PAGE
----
THE GOVERNMENT is reviewing the way teachers are deployed by provincial education officials to ensure that students are taught by educators that speak and understand the local language.


Primary and Secondary Education deputy minister Paul Mavhima said the review was a deliberate necessity following outcries over the deployment of teachers, especially in Matabeleland, who do not speak or understand local languages.

Mavhima indicated that this was necessary to enable learners to better understand subjects they were being taught to boost the pass rate.

Parents and educationists in Matabeleland have long blamed the low pass-rate in the region on the deployment of non-Ndebele-speaking teachers in both primary and secondary schools.

Pressure groups such as the Mthwakazi Youth Joint Leaders’ Resolution have even protested the “unfair” deployments.

The pressure group demonstrated at Makuzeze Primary School in Mangwe, Matabeleland South, demanding the transfer of the head from Mashonaland after the institution only recorded a single pass in the 2012 Grade 7 examinations.

Education officials and academics in Bulawayo last week blasted the Civil Service Commission for deploying non-Ndebele speakers to schools in the region and said this contributed to the low pass rate.

Parents late last year said the skewed deployments were to blame for the bad language in the Ndebele Grade 7 exam.

There was uproar in the southern region of the country following revelations that the Grade 7 Ndebele Paper 1 examination contained slang and other vulgar words, among other vocabulary, not commonly used in everyday conversations.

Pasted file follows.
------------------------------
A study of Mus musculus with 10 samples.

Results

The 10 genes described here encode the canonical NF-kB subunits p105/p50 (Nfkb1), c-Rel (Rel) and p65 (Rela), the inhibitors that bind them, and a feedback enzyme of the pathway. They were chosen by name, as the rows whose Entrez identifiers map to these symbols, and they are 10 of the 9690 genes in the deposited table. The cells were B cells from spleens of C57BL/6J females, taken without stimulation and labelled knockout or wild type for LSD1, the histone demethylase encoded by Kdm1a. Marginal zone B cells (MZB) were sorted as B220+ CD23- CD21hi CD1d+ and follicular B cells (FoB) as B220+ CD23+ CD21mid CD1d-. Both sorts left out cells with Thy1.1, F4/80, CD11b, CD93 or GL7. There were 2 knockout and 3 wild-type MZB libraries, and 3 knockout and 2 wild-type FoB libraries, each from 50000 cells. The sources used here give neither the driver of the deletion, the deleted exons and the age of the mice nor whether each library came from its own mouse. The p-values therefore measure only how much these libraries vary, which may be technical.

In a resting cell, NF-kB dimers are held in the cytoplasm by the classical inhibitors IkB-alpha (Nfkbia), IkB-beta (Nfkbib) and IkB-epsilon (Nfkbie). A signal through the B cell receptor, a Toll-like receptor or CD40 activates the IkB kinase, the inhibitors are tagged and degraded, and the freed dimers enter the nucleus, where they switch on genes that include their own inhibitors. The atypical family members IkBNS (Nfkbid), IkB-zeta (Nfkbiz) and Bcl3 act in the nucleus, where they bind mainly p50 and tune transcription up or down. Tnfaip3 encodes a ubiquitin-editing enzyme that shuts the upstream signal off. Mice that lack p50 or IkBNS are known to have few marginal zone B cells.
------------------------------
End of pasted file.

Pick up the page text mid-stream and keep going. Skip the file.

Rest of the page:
Mavhima told Southern Eye that this could only be avoided through a deliberate policy dictating that teachers be deployed to areas where they can speak and understand the local language.

“We are saying that firstly, our Constitution obligates us to teach all the languages that have been recognised and we need teachers to do just that. Secondly, as a matter of practical expedience we are teaching students at Early Childhood Development level and Grade 1 who for the first time are being taught English and it will be better if they are taught English by someone who understands their mother tongue so that the transition is easier,” Mavhima said on Wednesday on the sidelines of the official opening ceremony of Molo Primary School in Mateteni village, Bubi, Matabeleland North.

Mavhima was the guest of honour at the ceremony attended by Japanese ambassador to Zimbabwe Yoshinobu Hiraishi. The Japanese embassy poured $112 039 towards the construction of the school through World Vision. Before the Japanese embassy intervened, pupils were being taught in mud and thatched huts built by their parents in 2006. Before that the nearest school was 20km away.

“We also have a severe shortage of teachers. We need to train so that we have appropriate teachers deployed appropriately in those areas,” Mavhima said.

“It’s less really a matter of being regionalist, but it’s a matter of informative experience that we have teachers that can teach those local languages competently so that students can understand and also transition from their mother tongue to the language of instruction — English.